With infrastructure development aimed at establishing regular container services in the Port of Fuglafjørður, a long-time Northeast Atlantic hub for the pelagic fishing fleets continues its commitment to the industry.
[Edmund Jacobsen & Bui Tyril]
Over the last decade or so, the Port of Fuglafjørður has seen extensive development to strengthen its position as an international hub in the pelagic fishing industry. Alongside the successful launch, belatedly, of the Pelagos freezing plant in 2014, a combination of harbor extensions, cold storage capacity expansion, and further improvements in nearby transport and logistics infrastructure has made it clear that Fuglafjørður plans to stay in the game for the long haul.
Currently, a container storage area is being readied for completion in the third quarter of this year (2017). The idea: to minimize wear and tear on local roads through establishing container services direct from the port, thereby to offset demand for trucking of goods bound for export shipment from elsewhere in the Faroe Islands.
“Heavy traffic is clearly having a severe effect on our road infrastructure,” said port director Rólant Højsted. “Partly for this reason we intend to have regular container shipments direct from Fuglafjørður. A storage area for this purpose is being prepared and is projected to be completed in August/September.”
Fuglafjørður has served as home port of the Faroe Islands’ pelagic fishing industry since the 1960s and has long been recognized as an international hub in the business.
At the fundamental level, Fuglafjørður is an excellent natural harbor that has received ship calls for as long as anyone can remember.
A new era was kickstarted with the 1966 founding of fishmeal factory Havsbrún, which over the years has evolved into a giant facility that produces fish meal and oil as well as feed for farmed fish. With fishing vessels from near and far frequenting the port to land their catch and receive services and supplies, a community of small businesses emerged to eventually form a local ecosystem of specialized services tailored for domestic and international vessels—among them fishing gear manufacturer Vónin, founded in 1969, today one of the world’s leading players in its field. Mechanical and electrical engineers soon followed, as did various suppliers of goods and services.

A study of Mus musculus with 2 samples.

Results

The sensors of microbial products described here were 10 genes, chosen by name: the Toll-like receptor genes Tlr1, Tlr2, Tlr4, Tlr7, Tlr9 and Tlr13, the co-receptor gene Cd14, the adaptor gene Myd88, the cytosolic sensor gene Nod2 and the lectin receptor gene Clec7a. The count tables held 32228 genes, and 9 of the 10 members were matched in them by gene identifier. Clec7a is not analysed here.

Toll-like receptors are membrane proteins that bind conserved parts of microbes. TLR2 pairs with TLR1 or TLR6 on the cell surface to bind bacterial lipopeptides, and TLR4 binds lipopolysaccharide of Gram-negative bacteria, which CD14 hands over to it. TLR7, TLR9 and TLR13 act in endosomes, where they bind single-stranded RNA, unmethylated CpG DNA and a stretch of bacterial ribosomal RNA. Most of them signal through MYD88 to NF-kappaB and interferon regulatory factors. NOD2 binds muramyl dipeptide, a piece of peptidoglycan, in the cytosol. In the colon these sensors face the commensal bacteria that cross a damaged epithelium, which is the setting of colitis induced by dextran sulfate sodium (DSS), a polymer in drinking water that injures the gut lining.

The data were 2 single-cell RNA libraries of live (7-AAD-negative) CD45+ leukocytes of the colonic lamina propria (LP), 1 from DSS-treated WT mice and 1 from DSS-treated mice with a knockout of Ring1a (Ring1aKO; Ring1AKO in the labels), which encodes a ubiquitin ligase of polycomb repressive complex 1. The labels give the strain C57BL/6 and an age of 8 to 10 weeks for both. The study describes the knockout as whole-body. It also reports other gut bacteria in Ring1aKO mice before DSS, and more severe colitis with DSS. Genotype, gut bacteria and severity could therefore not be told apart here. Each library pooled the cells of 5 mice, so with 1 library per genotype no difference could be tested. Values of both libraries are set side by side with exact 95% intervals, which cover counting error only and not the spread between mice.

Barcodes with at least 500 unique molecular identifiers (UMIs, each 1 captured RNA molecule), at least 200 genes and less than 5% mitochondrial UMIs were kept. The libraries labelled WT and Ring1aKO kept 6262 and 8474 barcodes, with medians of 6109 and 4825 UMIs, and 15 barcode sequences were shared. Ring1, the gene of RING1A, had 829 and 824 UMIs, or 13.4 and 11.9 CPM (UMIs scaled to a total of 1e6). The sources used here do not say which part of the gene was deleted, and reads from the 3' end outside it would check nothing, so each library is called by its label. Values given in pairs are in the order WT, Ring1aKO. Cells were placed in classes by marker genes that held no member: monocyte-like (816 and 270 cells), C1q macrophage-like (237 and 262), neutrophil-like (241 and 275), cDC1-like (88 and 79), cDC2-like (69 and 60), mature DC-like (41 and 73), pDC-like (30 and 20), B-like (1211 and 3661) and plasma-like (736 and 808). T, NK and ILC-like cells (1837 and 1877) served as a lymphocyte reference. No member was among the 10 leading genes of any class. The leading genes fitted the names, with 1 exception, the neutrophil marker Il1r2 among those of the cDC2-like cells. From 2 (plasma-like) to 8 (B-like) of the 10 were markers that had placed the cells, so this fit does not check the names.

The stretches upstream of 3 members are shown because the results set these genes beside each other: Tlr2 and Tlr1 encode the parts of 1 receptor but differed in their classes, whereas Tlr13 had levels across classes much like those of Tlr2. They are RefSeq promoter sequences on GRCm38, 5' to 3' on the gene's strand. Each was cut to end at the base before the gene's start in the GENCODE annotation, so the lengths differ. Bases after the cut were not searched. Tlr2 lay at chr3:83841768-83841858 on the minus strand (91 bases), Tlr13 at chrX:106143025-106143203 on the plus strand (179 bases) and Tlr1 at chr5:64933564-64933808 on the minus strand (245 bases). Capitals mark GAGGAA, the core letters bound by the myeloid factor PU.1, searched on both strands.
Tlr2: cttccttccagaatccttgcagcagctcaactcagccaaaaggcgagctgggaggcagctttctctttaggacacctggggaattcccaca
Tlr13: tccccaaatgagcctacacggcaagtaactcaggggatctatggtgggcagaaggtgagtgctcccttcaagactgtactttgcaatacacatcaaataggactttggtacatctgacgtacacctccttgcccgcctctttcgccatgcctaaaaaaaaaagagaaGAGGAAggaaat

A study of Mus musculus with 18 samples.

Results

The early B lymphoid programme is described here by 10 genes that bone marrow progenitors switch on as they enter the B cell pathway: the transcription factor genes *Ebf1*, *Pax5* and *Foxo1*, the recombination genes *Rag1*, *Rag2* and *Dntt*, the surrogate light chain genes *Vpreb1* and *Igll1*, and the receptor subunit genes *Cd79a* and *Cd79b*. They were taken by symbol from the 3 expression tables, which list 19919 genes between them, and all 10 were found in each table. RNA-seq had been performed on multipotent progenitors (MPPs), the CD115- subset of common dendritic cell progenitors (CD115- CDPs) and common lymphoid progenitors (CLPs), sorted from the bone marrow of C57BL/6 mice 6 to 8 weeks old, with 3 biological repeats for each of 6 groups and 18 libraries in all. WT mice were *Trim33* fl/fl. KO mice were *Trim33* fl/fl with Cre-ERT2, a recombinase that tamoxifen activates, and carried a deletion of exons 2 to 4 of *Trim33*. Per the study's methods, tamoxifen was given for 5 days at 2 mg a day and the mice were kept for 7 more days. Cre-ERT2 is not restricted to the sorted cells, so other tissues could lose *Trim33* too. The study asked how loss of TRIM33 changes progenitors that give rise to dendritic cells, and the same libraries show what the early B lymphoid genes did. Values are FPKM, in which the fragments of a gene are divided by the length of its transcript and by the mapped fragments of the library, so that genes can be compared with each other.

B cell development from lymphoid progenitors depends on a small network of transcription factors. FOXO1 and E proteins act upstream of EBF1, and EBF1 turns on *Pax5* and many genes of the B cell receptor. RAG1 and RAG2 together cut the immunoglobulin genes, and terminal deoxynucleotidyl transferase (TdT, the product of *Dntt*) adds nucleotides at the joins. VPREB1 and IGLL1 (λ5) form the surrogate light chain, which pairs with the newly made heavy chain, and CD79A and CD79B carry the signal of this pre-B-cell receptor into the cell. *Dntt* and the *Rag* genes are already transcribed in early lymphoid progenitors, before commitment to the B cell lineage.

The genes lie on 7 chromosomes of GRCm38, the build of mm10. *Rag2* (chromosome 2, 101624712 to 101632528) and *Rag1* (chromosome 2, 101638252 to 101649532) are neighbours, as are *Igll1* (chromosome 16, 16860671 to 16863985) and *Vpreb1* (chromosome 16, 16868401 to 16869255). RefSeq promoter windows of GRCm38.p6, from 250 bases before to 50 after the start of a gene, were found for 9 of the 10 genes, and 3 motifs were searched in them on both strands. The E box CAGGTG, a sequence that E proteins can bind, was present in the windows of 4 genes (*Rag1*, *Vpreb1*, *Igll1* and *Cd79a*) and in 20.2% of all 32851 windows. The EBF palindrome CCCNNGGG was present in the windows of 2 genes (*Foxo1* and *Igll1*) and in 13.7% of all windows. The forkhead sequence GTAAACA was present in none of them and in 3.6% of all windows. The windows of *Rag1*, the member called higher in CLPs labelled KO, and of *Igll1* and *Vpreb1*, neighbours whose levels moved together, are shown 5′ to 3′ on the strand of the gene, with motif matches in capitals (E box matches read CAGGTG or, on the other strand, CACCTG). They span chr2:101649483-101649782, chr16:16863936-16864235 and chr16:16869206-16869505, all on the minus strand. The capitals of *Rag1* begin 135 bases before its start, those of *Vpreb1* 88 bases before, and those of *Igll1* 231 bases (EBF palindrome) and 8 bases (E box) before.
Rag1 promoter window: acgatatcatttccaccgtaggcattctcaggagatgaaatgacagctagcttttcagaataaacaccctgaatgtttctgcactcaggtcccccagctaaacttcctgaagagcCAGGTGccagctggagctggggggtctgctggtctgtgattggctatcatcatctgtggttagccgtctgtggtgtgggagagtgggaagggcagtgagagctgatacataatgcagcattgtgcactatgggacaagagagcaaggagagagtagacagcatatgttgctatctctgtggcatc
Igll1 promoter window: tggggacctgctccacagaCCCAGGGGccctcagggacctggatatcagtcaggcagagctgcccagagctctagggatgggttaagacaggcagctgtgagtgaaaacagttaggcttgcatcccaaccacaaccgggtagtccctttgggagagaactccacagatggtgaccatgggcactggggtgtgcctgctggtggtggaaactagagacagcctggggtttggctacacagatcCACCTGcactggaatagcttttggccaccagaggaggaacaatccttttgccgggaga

At around the turn of the millennium came Bergfrost, the cold store located between Havsbrún and the new Pelagos processing plant; it added a critical ingredient to the mix by offering Faroese and foreign freezer trawlers to store their frozen catch conveniently and safely.
About a decade ago, the Faroe Islands’ largest and most modern bunkering facility was established in the same neighborhood, further increasing the attraction of the port.
‘Balanced and sustained’
With the country’s highest concentration of business activities related to pelagic fisheries, the Port of Fuglafjørður every year receives close to a thousand ship calls. The number of fishing vessels landing their catch for local processing has increased since the opening of the Pelagos facility. The freezing plant has brought a flow of additional landings to the port, making it possible for vessels to deliver catches to either Pelagos for processing as food fish, or to Havsbrún for industrial reduction. Sometimes vessels opt to split landings between the two.
Recent harbor development includes a new 60-meter extension to create 240 meters of unbroken quay next to Bergfrost. Up until recently, the cold storage facility could accommodate a total 16,000 tonnes of frozen goods at the time, however the capacity has now been expanded to host at least 25,000 tonnes, as of August 2017.
Fuglafjørður is known as one of the best natural harbors of the Faroe Islands—a well protected, deep fjord, easily accessible throughout the year. The favorable geography has been one factor in strengthening an ascending economic trend with existing and new businesses thriving.
Local authorities are, of course, aware of the port’s crucial socioeconomic importance for the town of Fuglafjørður and its surroundings, and are constantly looking to plan for the benefit of the business environment while also keeping in mind the general interests of the municipal community.
Said Kristian Petersen, chairman of the Business Development Committee, of the Municipal Council of Fuglafjørður: “We’ve witnessed quite significant progress for this port on an ongoing basis. Naturally, that is something the Council wants to support and promote. While the buzzing business around the port lays the basis for longterm development and investment, careful and efficient planning, however, is needed on all sides as we move forward.”
“Building a major pelagic hub in the northeast Atlantic is a hardwon position,” Mayor Sonni á Horni added.
“We want to make sure the positive development is continued in a balanced and sustained manner.”